Miles thrust his mask over his head, the cold grey metal muffling his ongoing chuckle. Double-J took the director’s position, to the side of the makeshift strip’s center. His arms hung down his sides.
“You guys ready?” Double-J followed his disinterested question with a quick glance at Annie, then Miles. It was not the behavior of a proper fencing director, but all too characteristic of the burly teen. “Fence,” he commanded, with the enthusiasm of an underpaid gym teacher.
Annie took two quick steps forward, planting her feet as she gained the center of the strip. She had planned this move before the boutnbegan, having noticed in the earlier bouts how eagerly Miles had competed for the center, just as he had the two years before, when the three-sport star of Bark Bay High School “played at fencing” as he called it.
Played. Prior to today Annie hadn’t attached any significance to Miles’ word choice. But this was a new year, and Miles was no longer the fencing team captain, he was at State, was only visiting this afternoon. No, not visiting, returning, acting as if he had never left, looking to play a little bit more before returning to State.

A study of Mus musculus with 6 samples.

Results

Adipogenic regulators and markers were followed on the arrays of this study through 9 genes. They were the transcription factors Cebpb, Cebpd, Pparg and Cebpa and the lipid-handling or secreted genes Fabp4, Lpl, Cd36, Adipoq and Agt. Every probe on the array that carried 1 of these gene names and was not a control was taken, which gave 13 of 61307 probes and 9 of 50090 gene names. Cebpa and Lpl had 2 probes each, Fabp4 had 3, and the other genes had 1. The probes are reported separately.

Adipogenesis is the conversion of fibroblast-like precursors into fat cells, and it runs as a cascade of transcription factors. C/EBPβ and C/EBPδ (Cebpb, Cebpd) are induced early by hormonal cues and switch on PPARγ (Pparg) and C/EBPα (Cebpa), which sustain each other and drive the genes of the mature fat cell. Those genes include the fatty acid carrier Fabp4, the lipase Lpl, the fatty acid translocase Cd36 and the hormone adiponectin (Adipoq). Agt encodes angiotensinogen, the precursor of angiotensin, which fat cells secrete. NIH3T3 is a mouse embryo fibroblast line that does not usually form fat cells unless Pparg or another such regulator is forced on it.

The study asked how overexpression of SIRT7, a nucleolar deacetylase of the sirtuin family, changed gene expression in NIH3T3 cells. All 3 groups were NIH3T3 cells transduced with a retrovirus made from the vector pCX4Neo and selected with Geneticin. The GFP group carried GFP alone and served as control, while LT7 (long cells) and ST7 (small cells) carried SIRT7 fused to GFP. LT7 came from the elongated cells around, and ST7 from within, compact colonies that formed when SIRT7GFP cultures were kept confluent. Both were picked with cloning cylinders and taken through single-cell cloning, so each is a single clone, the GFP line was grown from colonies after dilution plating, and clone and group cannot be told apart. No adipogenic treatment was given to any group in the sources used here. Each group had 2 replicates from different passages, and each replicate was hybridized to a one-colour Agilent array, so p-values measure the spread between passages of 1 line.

Play? Annie did not play at fencing. She fenced. In the month since the team had started practicing again that fall, she had learned that the passion she had felt at the end of spring had not abated, had grown even. It was not like the other activities she had pursued as a girl, even though the balance she had learned in ballet, the body control she had learned from gymnastics, the focus she had learned from taekwondo — all that training now seemed like preparation for what she was doing now.
I’m not playing, she thought, with an intensity that caused her to mouth the words silently. I’m here to compete. She allowed herself to smile, seeing Miles jerk his head in surprise as he saw Annie pounce upon the center of the strip, waiting for him to react.